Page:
Ho ho ho. Here’s something I wrote for The Age on the Christmas spirit. May you all have a wonderful festive period!
I was going to say that Christmas has crept up on me, but actually this year it feels more like an ambush and I feel a little resentful.
Most of my grinchiness is due to my woeful non-attempts at Christmas shopping. I left everything too late and then Googled “What time does Big W close?”, which prompted a frenzied nocturnal shopping expedition.
I’d sworn to myself this year I’d keep my list of present recipients minimal – but after a few laps of the aisles, I’m sucked in and find myself considering a potpourri sachet for that neighbour I smiled at once in 2014.
But I decide against it. All that spending is wasteful, and how many presents are really appreciated on the big day among the gift paper ripping, the forced smiles and everybody being overwhelmed by ham?
But despite all the Christmas chaos, I know there are some aspects that make it all worthwhile.
Like the other day, when I was dragging my two small children to the supermarket. I was just dousing the trolley in acid to protect us from the coronavirus when the little ones shrieked. They’d spotted a Christmas tree in a nail bar.
Running towards it, they danced around it with their arms raised like two possessed elves. Never mind that the tree was tacky and sparsely decorated. The people inside looked up from their lobster-roll-red shellac manis, tipped their heads 35 degrees to the right and watched my girls wistfully. As did I.
A couple of weeks ago, my parents invited the girls to help decorate their tree (though as the post-lockdown Christmas traffic doubled the length of the journey to their place, I found myself fantasising about back-burning their tree). But when we finally arrived and I started to unbox those old familiar decorations, that Christmas feeling returned.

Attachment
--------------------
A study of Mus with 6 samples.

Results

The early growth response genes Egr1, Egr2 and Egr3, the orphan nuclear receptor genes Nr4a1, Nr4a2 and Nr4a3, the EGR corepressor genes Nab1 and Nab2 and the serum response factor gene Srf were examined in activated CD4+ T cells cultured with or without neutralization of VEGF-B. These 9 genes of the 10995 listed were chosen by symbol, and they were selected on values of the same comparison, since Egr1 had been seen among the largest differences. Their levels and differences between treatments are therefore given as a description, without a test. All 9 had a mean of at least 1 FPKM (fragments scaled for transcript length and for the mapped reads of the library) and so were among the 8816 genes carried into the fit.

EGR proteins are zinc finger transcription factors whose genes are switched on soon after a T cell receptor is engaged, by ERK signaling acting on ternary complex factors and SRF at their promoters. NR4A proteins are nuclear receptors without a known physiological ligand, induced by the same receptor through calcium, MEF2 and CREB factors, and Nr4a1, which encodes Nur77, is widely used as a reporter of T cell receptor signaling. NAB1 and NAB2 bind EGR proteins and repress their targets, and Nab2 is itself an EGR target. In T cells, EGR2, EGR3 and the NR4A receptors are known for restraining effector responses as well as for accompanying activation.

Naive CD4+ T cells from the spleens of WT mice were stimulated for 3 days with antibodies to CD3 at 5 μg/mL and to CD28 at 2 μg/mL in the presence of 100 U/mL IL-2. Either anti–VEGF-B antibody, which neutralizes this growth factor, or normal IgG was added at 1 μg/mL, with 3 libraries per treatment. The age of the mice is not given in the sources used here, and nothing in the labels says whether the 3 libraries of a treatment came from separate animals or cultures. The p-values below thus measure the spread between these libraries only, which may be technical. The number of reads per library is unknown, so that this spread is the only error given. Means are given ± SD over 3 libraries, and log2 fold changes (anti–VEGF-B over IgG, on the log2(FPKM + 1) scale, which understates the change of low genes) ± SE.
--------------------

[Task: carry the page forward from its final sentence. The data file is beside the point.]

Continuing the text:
A velvet Santa, a felt teddy bear and a, ahem, “unique” bauble that Mum made in a 1970s craft class. My children looked at these decorations with the same reverence I did decades ago.
My festive feelings peaked when we untangled the Kmart lights that had lit all the Christmases of my youth. After some nerve-wracking moments of unresponsiveness, they spluttered into life, casting a lurid pink glow on my youngest’s amazed face.
There’s one moment that de-Scroogifies me every year. I live near a children’s hospital and early on Christmas morning a fleet of tinsel-covered fire trucks hurtle past on their way to the hospital to put on a show for the kids. Something about the cacophony of their sirens moves me and I rush out onto the street, waving and cheering them on as they head off to do some of their worthiest work.